THE number of crimes recorded in Greater Manchester rose by more than 10 per cent in 2016.

Latest figures show that excluding fraud 245,269 crimes were recorded by Greater Manchester Police in 2016, an increase of 11 per cent on the previous year.

However, Greater Manchester’s Police and Crime Commissioner Tony Lloyd has said that improvements in how crime is recorded and increased confidence in the public to come forward are ‘positive factors’ in why the increase has taken place.

The ONS also said that an actual increase in knife crime and the change in the way crime is recorded had led to the number of recorded crimes going up.

Of the offences committed, 59,665 were classed as violent crimes, an increase of 20 per cent from 2015.

Also on the up was robbery, with an increase of 18 per cent, and sexual violence with an increase of 14 per cent.

Theft rose by four per cent, burglary by three per cent, vehicle crime by two per cent and shoplifting by three per cent.

Thefts continue to make up the largest portion of crimes committed, with 109,736 recorded in Greater Manchester.

Mr Lloyd said: “These figures are no surprise, and reflect the direction of travel since recorded crime began to rise in 2015.

“While improvements to how police record crime and increased confidence in the public to come forward and report crime are a positive factor, local communities will still be rightly concerned about the increasing demand being put on GMP.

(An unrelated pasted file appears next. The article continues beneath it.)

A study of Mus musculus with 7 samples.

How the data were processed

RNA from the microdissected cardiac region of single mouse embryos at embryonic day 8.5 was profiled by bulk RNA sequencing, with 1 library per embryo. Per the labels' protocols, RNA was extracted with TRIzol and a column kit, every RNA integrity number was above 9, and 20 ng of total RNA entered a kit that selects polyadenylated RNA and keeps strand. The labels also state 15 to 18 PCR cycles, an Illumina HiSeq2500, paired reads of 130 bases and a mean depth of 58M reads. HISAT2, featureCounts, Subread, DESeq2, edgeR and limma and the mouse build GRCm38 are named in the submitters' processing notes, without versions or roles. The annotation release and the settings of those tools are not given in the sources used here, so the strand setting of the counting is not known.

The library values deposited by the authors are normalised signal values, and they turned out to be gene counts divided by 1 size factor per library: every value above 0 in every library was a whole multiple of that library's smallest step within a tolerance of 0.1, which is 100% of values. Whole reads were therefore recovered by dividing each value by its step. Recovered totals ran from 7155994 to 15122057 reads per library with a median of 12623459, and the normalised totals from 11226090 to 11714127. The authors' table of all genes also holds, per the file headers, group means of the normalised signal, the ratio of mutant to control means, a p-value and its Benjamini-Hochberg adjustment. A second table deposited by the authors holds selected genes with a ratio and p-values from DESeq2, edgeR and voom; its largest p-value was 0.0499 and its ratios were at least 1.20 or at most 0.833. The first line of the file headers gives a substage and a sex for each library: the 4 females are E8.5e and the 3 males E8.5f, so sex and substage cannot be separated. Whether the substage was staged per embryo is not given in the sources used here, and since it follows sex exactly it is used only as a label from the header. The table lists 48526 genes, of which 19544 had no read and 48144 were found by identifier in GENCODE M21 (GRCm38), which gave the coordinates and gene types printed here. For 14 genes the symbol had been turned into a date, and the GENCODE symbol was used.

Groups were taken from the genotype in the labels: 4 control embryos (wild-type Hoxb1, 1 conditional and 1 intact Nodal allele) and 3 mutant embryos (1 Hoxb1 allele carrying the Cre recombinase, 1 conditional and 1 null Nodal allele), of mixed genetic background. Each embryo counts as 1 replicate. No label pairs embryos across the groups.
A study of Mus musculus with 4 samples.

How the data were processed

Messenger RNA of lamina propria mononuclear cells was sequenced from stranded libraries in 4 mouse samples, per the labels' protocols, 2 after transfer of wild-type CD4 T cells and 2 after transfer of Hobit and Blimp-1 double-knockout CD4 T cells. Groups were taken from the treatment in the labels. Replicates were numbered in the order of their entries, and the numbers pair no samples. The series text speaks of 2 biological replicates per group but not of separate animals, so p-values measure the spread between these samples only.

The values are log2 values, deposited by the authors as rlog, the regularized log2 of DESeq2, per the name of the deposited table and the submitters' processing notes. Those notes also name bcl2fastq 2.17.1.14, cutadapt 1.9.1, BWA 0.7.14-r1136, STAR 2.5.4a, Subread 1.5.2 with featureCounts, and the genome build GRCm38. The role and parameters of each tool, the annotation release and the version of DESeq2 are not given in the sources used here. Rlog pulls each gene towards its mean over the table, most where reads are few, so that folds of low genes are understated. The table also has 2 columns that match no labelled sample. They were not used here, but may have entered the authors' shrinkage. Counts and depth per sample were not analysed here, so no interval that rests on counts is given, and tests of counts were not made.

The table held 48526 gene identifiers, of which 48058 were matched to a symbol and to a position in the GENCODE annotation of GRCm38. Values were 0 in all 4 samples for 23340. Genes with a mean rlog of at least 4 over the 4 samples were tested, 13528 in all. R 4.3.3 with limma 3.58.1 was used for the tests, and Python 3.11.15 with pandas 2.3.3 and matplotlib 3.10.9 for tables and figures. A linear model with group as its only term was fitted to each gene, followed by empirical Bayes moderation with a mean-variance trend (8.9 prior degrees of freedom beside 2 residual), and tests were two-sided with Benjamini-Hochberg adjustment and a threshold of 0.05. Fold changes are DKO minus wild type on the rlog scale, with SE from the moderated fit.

“Greater Manchester is a challenging area to police. More complex crimes, such as child sexual exploitation and cybercrime, combined with shrinking resources across the public sector, continue to put unrelenting pressure on our police service.

“Throughout my term of office I have been a strong voice for local people, calling on ministers to give our communities a fair deal. Despite the challenges, the embedding of strong partnership working across Greater Manchester, not least with local communities, has transformed the way police and other public services work, delivering a better, more effective service for our residents. But we still need the support and investment from central government if GMP is to continue keeping our streets and homes safe.”

In England as a whole, crime rose by 10 per cent in 2016, which meant that Greater Manchester’s rise is just above the national average.

The National Police Chiefs Council said that in England and Wales crime levels were ‘broadly stable compared with recent years’.

It added that an increase to gun and knife crime is a ‘key priority’ for police.

Chairman of the Police Federation of England and Wales, Steve White, said that the increase was worrying but not surprising.